The answer lies in innovation. Health tech startups are using mobile apps and data analytics to change how medical care is provided and paid for. These companies are driving efficiency and quality at lower costs. As they continue to disrupt the system, they offer hope for better patient outcomes and reduced overall spending on health care.
Cutting Expenses By a Wide Margin
Taking advantage of technology has been key for new healthcare players such as Verily (formerly Google Life Sciences), which uses wearables to track patients’ physical activity levels, weight loss, sleep patterns, and nutrition intake; or Cliniq, which provides real-time insights into doctors’ prescribing practices for certain medications. Both companies have successfully launched their products with low initial investment capital but high revenue potential. With a focus on improving efficiencies, these companies can reduce the cost of delivering traditional services by up to 95% — from $70 billion spent annually on U.S. hospitals alone to $12 billion in savings every year if their technologies were adopted worldwide.
Adapting New Trends
As more consumers adopt wearable devices, such as Fitbit and Apple Watch, to monitor their own health, these devices will become essential tools for clinical staff who want to use them to help patients manage chronic conditions. Additionally, as more people turn to online sources for information about their personal health conditions, it becomes easier to collect large amounts of data that could be used to improve quality while reducing the time required to provide care.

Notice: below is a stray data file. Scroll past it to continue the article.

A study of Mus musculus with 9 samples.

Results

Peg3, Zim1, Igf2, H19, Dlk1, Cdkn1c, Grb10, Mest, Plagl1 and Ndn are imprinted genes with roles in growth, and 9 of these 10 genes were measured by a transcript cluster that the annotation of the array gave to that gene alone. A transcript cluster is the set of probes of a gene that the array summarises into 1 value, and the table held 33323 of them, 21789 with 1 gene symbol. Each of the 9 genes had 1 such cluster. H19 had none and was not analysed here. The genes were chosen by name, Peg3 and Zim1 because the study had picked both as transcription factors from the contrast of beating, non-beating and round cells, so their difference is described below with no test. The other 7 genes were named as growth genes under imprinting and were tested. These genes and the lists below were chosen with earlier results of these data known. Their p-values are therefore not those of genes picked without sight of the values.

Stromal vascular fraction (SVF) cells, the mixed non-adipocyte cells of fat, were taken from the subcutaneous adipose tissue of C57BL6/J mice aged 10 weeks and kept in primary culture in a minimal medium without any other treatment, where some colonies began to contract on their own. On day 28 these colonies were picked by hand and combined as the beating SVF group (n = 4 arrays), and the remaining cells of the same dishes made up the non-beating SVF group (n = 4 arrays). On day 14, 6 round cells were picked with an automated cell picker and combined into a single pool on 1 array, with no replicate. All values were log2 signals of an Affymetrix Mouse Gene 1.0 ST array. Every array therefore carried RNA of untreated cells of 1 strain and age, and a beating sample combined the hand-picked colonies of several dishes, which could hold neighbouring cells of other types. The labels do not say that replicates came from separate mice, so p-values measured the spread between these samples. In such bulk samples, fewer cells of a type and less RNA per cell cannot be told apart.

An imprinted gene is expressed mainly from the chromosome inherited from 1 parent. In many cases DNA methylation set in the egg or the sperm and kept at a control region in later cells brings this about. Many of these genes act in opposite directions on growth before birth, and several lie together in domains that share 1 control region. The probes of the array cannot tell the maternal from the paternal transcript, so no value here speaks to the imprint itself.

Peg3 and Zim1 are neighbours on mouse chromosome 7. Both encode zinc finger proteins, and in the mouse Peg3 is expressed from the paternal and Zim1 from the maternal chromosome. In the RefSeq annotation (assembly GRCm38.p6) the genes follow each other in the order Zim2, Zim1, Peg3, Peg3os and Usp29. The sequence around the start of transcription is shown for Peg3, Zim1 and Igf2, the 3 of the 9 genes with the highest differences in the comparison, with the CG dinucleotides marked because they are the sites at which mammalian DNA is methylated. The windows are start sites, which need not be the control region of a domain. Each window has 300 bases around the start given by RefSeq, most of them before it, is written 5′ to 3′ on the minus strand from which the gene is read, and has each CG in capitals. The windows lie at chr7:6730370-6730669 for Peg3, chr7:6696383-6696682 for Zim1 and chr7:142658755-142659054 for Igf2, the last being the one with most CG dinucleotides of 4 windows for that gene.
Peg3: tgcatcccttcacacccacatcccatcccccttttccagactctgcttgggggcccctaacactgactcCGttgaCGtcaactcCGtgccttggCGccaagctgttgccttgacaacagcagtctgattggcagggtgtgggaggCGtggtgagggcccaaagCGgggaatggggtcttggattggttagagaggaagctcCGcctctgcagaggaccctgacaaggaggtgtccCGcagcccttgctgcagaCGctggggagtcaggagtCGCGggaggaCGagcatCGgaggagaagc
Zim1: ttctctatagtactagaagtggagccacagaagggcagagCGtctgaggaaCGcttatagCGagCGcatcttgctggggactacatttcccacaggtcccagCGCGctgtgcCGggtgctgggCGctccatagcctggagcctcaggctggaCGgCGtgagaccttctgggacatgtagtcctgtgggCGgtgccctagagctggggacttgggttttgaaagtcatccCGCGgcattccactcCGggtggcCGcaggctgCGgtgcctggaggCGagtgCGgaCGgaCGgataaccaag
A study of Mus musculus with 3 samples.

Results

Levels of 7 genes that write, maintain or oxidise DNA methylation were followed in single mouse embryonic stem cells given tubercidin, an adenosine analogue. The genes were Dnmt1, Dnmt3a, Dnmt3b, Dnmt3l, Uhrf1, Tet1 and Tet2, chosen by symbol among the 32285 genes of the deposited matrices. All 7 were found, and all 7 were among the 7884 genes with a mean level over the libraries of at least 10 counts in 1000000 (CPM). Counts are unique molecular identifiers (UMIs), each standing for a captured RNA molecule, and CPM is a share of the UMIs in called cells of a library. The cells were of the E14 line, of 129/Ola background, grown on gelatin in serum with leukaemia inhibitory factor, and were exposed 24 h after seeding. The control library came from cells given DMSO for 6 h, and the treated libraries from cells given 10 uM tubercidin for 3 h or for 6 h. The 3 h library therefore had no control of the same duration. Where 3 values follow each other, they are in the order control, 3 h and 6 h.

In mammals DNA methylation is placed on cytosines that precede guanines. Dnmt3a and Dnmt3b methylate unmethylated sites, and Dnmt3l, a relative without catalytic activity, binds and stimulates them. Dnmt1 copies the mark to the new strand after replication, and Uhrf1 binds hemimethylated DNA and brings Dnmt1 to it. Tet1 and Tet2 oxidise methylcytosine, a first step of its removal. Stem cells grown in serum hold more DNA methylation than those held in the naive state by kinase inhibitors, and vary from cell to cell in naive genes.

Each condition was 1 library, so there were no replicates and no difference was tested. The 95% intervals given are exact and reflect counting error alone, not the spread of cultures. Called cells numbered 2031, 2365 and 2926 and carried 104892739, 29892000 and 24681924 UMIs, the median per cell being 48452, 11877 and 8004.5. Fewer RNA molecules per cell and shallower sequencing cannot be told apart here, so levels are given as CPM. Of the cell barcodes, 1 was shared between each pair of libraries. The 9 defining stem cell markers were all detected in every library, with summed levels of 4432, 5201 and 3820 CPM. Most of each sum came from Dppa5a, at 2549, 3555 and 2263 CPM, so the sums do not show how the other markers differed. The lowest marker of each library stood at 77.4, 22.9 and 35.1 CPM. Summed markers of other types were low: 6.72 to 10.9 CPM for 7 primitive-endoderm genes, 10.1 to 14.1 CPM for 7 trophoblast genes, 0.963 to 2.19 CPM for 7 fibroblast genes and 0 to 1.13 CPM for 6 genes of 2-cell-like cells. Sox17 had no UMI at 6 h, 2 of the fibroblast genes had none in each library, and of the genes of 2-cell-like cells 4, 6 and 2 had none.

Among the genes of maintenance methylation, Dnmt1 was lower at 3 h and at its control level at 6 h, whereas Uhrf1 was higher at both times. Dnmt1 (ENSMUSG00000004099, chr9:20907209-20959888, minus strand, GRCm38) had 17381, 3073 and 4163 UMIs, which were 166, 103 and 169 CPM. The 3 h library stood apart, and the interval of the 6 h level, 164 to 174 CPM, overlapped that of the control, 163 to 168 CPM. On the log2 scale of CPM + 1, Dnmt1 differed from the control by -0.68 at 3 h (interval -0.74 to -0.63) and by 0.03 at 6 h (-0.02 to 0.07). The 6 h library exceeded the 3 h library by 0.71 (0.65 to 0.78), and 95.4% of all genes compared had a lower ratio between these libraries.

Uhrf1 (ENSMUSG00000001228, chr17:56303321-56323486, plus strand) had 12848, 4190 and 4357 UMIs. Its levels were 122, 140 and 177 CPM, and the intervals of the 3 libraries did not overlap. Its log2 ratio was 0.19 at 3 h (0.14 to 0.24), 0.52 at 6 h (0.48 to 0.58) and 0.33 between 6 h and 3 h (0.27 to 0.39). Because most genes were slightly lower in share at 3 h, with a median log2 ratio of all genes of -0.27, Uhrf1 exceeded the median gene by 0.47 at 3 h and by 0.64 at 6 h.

Some of the largest technology companies in the world are working with healthcare providers, including Microsoft, Amazon, IBM, Intel, Google, and Qualcomm, to transform the industry. At the same time, small startups are creating innovative solutions that address specific challenges within the sector. Here are a few examples:
Focuses on prescription compliance, which currently results in over half of prescriptions being written without ever seeing a doctor. The company’s software monitors what is happening when physicians prescribe certain drugs and alerts users when there are deviations from standard treatment guidelines.
• Zebra Medical Vision
Developed an app that allows doctors to review X-rays remotely via tablet. This helps eliminate delays in diagnosis and treatment of cancer, heart disease, infections, and other illnesses. The app also tracks radiation exposure and reduces unnecessary testing.
Created a mobile platform that integrates with your existing EHR and connects patients to their primary care physician through text messaging. It also enables physicians to access important patient records such as laboratory values and medication lists.
Offers a cloud-based solution that enables patients at home to take their own measurements of blood pressure, pulse, respiratory rate, temperature, blood glucose level, and weight. Doctors then receive this data in real-time.
New business models are emerging quickly across all sectors. Healthcare is still largely driven by fee-for-service payments. As real money costs continue to rise, many health systems are looking for ways to optimize the delivery of care, increase efficiency, decrease waste, and deliver better outcomes. These changes have led to increased competition between providers and payors, resulting in innovations like value-based reimbursement programs, bundled payment contracts, accountable care organizations, Medicare Advantage, Medicaid managed care organizations, and public insurance exchanges.